Scene of early Grand Rapids viewed from the...


by Michael Knopf

The first rail coaches in Grand Rapids were horse drawn carriages that ran on tracks.  Arriving in 1865, the first horsecar line was a simple two-mile-long route along Monroe and Fulton to Jefferson.  Urban centers around the country were developing their first modern modes of public transit around this time.  New York was home to the nation’s first horse railways in 1832, while other major cities quickly followed.  The industrial giant in the north was awakening and urban cities soon began to crowd as workers filled their new factories.  The sudden population increase created a transportation crisis and investors smelled opportunity.  A year after the first horseline began in Grand Rapids, on December 7, 1866, the Street Rail Company was officially formed with its hopeful investors putting in more than $50,000 worth of capital.

In order to gain city approval to form their franchises, companies agreed to several costs, which would later have a severe impact.  Streetcar companies would pay for the repaving of streets where track was laid, street repair, and snow removal.  While the fervent rush to build new track helped to facilitate urban growth, the unplanned and haphazard development was the cause of much troubles for decades to come.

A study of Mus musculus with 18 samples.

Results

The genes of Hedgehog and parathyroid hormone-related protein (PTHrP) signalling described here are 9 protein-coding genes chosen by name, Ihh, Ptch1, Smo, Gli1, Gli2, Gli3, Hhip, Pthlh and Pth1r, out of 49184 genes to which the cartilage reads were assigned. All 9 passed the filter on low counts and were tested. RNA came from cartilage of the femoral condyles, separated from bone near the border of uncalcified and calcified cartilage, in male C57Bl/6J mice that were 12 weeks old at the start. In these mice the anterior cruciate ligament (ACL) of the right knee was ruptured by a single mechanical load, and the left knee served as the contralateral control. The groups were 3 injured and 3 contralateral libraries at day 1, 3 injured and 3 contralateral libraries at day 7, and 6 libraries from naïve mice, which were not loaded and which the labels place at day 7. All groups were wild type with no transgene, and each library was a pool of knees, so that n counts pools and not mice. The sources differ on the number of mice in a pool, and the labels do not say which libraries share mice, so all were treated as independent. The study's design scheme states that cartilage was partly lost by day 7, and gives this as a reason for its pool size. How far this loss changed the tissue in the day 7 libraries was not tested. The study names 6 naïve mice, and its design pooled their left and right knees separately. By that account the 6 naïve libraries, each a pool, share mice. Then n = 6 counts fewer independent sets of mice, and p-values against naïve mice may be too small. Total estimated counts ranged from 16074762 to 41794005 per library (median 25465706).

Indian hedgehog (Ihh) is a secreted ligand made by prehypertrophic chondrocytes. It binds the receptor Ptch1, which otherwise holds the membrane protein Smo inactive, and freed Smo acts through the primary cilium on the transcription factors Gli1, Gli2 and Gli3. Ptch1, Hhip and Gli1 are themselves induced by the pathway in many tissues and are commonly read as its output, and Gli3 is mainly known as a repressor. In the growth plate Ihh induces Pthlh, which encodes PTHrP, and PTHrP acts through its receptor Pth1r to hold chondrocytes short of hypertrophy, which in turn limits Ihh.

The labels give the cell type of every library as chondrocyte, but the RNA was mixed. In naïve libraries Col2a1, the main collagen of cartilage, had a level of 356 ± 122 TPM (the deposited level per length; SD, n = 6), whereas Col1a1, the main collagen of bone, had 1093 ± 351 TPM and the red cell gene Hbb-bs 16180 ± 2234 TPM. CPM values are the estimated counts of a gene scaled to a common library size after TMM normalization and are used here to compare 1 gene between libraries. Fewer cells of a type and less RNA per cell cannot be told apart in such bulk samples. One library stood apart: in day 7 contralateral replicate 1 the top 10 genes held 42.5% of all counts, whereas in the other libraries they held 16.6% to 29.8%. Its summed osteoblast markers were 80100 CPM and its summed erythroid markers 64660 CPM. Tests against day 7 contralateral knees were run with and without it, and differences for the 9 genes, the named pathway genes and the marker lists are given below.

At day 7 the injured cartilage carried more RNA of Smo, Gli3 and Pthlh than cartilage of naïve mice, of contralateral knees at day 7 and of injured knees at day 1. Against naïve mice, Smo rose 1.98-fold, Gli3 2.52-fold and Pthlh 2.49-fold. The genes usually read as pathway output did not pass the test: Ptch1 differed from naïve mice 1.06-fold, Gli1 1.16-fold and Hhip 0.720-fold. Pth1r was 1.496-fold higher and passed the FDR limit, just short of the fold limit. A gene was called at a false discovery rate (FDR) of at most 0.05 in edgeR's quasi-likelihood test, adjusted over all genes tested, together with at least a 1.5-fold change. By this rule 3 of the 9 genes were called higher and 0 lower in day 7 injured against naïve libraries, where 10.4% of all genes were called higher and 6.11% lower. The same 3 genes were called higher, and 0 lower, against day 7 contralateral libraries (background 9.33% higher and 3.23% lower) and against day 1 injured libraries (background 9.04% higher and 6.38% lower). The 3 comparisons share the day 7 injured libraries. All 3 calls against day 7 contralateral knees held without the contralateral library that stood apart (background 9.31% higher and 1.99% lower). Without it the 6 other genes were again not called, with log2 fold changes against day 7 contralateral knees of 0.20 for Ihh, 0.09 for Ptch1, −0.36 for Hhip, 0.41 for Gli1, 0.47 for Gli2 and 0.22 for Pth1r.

As niche markets arose, investors would typically create new companies to take advantage of the situation.  When the Michigan State Fair came to Grand Rapids in 1873 the Division Street Railway Company was formed.  Two years later the Reeds Lake Railroad was created which connected downtown Grand Rapids to the popular summer destination Reed Lake in East Grand Rapids.  Over the next few years several companies were created, sometimes serving individual areas, often times crossing over each others territory. 

This was also the time that the first steam driven “dummy lines” were introduced, beginning in 1875 with the Reed Lake Railroad.  Horses had begun to be seen as a liability, illustrated particularly well three years previous in New York when an outbreak of equine distemper disabled eighteen thousand horses.  Grand Rapids experimented in a variety of other methods besides steam propulsion, a particularly good example being the cable car system built in 1884 by the Valley City Cable Railway Company.  After hearing of the success cable cars had in San Francisco, the company decided to try cable cars at the hill district of the city, eventually building about seven miles of track.

The early years of the streetcar companies were characterized by large investments, high hopes, and poor planning.  For years companies had been tearing up new streets to lay track while neglecting their old lines.  Because there was no central authority, main streets were served by an overabundance of lines while other sections of the city had no service at all. 

In addition the streetcar companies had neglected to properly care for their workers.  As 14 to 16 hour days and low wages became common, strikes and riots broke out across the city.  Belligerent employees threw stones at passing cars and dynamited tracks.  In response companies banned organized labor.  The final insult came when the Humane Society complained of abuse to the horses.